Nonprofit Advice to Business Schools and MBAs
Posted by Allison Fine on March 16, 2009
According to this article in the Times yesterday, Business Schools are struggling to figure out what they should be teaching their students to stop producing Gordon Gekkos who are primarily interested in short-term profits.
That’s easy, and I have the answer and am willing to give it to them for free!
They should be teaching their MBAers to act like the best nonprofits and the creative, ingenious peopel who run them. They should be sending out into the business world executives who understand the principles and power of the Connected Age; people like Premal Shah of Kiva.org, Amanda Rose the extraordinary force behind Twestival and charity:water, and Carie Lewis the creative and humble online marketing manager of the Humane Society.
Here’s what these nonprofit visionaries could teach the MBA class of 2009:
- Open systems can’t be closed again, and that’s a good thing. Proprietary thinking, closed systems are antithetical to the Connected Age. This is the crux of the struggle of the newspaper industry right now. (Read David Johnson’s outstanding reflection piece on the newspaper industry to learn more.) Being open to people, ideas, information leads to greater opportunities and greater profitability in the long run.
- Learn to manage networks not organizations. Every person, every company is part of an intricate and growing ecosystem of other people and companies. Executives need to learn to manage networks not companies or organizations to be successful.
- Relationships trump brands. We know how to see through advertising and marketing lingo and can decide if a company is really interested in us or not. Successful organizations create open and honest relationships with us. This happens through conversations online and on land, using tools like Meetup, and Twitter.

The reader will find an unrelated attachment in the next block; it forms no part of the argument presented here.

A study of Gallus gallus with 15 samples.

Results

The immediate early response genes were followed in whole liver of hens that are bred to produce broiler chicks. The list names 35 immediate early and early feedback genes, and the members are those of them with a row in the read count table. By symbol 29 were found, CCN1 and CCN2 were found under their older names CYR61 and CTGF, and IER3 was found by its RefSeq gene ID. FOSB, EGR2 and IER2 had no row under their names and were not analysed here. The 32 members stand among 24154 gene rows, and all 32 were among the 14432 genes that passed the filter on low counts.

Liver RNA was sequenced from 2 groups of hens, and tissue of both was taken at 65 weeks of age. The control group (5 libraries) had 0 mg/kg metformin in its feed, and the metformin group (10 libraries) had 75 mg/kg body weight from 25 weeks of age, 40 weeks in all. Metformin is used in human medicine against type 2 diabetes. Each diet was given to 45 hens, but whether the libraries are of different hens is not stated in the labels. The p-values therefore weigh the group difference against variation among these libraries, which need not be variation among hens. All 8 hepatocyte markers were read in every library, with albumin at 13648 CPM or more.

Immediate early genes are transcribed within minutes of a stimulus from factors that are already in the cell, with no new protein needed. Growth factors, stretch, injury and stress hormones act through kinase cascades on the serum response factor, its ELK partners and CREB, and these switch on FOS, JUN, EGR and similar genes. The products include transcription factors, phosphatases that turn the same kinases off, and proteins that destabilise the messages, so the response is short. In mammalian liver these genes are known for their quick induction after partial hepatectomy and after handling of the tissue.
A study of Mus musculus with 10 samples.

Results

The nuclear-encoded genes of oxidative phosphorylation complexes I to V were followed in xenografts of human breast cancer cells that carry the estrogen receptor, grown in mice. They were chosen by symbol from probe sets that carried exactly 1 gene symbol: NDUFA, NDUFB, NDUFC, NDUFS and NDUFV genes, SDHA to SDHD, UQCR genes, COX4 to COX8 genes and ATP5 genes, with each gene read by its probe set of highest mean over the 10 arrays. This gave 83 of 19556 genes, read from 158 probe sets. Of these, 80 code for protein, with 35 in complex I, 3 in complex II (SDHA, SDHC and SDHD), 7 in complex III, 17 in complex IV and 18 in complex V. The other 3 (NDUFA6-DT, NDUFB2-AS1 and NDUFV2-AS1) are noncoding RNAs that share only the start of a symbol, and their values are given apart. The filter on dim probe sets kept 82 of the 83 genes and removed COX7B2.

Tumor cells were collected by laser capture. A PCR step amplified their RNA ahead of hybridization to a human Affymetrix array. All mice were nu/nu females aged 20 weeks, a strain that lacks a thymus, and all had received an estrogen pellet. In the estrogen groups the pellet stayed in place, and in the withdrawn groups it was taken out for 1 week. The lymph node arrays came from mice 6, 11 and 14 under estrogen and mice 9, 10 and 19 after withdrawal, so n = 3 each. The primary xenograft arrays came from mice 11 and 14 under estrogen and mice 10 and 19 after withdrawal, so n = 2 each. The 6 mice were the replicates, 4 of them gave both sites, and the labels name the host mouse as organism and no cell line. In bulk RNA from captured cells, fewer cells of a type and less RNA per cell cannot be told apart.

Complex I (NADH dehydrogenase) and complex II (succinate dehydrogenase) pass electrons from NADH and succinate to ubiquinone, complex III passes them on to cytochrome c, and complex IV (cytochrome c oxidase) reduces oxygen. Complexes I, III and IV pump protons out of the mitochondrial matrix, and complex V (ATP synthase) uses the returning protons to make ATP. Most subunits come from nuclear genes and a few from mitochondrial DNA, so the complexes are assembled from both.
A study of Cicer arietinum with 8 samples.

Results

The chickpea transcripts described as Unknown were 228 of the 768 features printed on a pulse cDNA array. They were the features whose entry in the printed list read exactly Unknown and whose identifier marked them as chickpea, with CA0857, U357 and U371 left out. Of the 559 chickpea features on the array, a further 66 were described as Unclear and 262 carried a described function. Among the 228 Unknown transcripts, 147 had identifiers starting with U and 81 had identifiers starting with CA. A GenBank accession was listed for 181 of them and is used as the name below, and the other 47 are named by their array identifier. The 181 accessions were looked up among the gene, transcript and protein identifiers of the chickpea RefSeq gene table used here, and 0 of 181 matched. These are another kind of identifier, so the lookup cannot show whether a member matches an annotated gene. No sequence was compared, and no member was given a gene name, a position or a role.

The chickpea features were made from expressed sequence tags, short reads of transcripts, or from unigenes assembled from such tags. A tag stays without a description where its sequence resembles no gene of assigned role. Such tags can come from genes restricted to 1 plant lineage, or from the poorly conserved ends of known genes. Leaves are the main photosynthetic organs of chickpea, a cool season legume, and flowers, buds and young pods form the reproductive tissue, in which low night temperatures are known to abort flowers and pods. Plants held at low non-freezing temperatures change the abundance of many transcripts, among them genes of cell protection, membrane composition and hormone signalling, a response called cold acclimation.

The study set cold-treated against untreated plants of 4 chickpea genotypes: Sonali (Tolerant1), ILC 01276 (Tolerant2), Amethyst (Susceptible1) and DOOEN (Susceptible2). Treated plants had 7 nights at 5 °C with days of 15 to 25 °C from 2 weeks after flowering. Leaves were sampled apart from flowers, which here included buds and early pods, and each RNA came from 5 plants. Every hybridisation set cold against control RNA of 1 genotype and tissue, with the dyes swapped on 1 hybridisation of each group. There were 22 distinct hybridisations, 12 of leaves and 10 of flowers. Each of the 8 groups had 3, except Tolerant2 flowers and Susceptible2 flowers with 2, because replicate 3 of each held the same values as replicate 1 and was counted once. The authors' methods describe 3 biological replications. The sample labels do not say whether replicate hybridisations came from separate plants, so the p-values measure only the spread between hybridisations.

- Metrics can’t produce good products. Wall Street became more interested in making money than investing in good products. You can spin out all of the fancy metrics and powerpoint presentations that you like, at the end of the day companies make products and nonprofits help people and communities. When we lose focus on those fundamental things; when we’re more interested in short-term profits and pleasing foundations our products and communities suffer.
- The Cluetrain Manifesto should be required reading for every MBA class.
- Governing boards don’t work, if they did we wouldn’t be in this mess. Every major financial institution had a board of directors that rubber stamped bad plans, bad motives, bad operations on the part of senior executives. The boards of AIG, Bear Sterns, Fannie Mae and Freddie Mac let short-term profits trump common sense and sustainability. As David Renz writes, “Governance is a function and a board is a structure.” Many grassroots nonprofit organizations hae a long history of involving their communities in the governance of their organizations — with the long-term well being of their communities in the forefront of their thinking.
Every MBA class should have a visit from one of these winners of the Skoll Awards for Social Entrepreneurship, so should ever company left on Wall Street.
The tide has shifted and nonprofit entrepreneurs and managers have a lot to teach the business world — if they’d listen. There is an opportunity right now to do something we’ve never done before; reverse the polarity of excellent organizational practices from the for profit sector to the nonprofit sector; and take what we know has worked well to make nonprofit organizations, particularly those with the DNA of the Connected Age, and reinvent American business.
This entry was posted on March 16, 2009 at 1:19 pm and is filed under Social Media. Tagged: AIG, Amdan Rose, carie lewis, Cluetrain Manifesto, David Berlin Johnson, David Renz, Kiva, MBA, New York Times, Premal Shah. You can follow any responses to this entry through the RSS 2.0 feed. Both comments and pings are currently closed.